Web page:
A Galway city councillor has called on the Government to expand the tax incentive attached to the "rent a room" scheme as one way of easing the accommodation crisis.
Labour Party councillor Niall McNelis says the facility, which allows people to earn up to €12,000 tax-free a year from renting a room, is "not sufficient".
College students, people moving to Galway and the impact of the rent cap on families receiving State assistance in private accommodation is putting extraordinary pressure on the existing housing stock in Galway, Mr McNelis says.
“The rent a room scheme in private homes is a good idea, but the tax relief incentive isn’t enough – it should be increased, or some other measure brought in to make it more encouraging,” he says, adding that areas of the city close to the third-level colleges should be targeted for students.
Tenants awaiting housing are being squeezed out by the rent cap on State-supported private rented accommodation, and by the fact that buy-to-let properties are being repossessed and put up for sale by banks. As a result, Galway City Council’s expenditure on emergency accommodation has gone from €335 in January to €25,000 in July.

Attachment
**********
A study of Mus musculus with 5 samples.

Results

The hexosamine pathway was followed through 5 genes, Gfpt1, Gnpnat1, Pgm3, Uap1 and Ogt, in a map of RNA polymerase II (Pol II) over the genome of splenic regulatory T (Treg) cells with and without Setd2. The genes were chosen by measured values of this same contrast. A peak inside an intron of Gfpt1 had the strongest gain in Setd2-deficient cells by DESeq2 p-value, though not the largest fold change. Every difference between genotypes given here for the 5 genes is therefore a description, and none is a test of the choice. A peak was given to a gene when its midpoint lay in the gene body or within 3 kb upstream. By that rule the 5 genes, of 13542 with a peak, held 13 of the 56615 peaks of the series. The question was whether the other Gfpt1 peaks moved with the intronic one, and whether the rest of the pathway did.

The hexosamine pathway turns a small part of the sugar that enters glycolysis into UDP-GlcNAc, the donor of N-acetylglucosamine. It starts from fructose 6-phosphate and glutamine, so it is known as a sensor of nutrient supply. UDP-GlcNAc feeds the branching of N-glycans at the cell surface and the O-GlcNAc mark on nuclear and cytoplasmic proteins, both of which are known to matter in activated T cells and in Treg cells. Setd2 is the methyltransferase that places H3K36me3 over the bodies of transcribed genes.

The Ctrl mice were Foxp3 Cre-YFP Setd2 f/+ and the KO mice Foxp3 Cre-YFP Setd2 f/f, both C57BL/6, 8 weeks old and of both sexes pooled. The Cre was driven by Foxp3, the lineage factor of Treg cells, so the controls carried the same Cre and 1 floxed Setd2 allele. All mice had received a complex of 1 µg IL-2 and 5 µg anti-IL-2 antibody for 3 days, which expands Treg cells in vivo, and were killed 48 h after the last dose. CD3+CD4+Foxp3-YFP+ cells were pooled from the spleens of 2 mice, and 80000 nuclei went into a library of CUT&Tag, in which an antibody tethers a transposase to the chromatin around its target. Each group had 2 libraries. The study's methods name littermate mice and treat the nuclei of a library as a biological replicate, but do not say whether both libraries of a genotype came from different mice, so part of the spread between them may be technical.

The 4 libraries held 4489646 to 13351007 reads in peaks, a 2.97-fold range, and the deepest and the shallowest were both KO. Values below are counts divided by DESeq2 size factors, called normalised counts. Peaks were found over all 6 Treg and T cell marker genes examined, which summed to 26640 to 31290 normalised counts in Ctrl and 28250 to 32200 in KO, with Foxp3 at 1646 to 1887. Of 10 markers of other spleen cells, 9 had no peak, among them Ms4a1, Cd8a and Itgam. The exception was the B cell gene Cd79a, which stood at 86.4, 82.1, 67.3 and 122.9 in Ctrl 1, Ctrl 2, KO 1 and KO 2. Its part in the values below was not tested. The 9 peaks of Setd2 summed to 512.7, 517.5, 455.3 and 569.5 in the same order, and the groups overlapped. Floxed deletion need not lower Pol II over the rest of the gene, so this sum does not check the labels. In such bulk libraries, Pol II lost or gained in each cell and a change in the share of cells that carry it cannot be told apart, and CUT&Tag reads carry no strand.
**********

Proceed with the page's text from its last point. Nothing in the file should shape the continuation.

Jacqueline O’Grady (26), a mother of three from Ballybane, is one of some 4,475 people on Galway city’s housing list, and is currently in student accommodation which she must move out of next week.
Ms O’Grady is rearing twins, aged two, and a four-year-old girl on her own. She says she has been on the housing list since 2008, and hasn’t had a first offer to date.
Meanwhile, in Sligo, there are 1,100 on the housing list, a figure which the accommodation services manager with Sligo Social Services said “speaks for itself”. Des Dunbar said: “That’s one in 20 of the population of Sligo town.”
Independent county councillor Declan Bree said things have never been so bleak. “I am on the council for four decades and I have never witnessed anything like this. ”
His colleague, Sinn Féin mayor of Sligo Thomas Healy, said landlords’ reluctance to accept people on rent allowance is exacerbating the crisis.
Students are faring much better in Sligo than elsewhere. “There is actually an oversupply of purpose-built student accommodation,”said Cillin Folan, president of the student union at IT Sligo.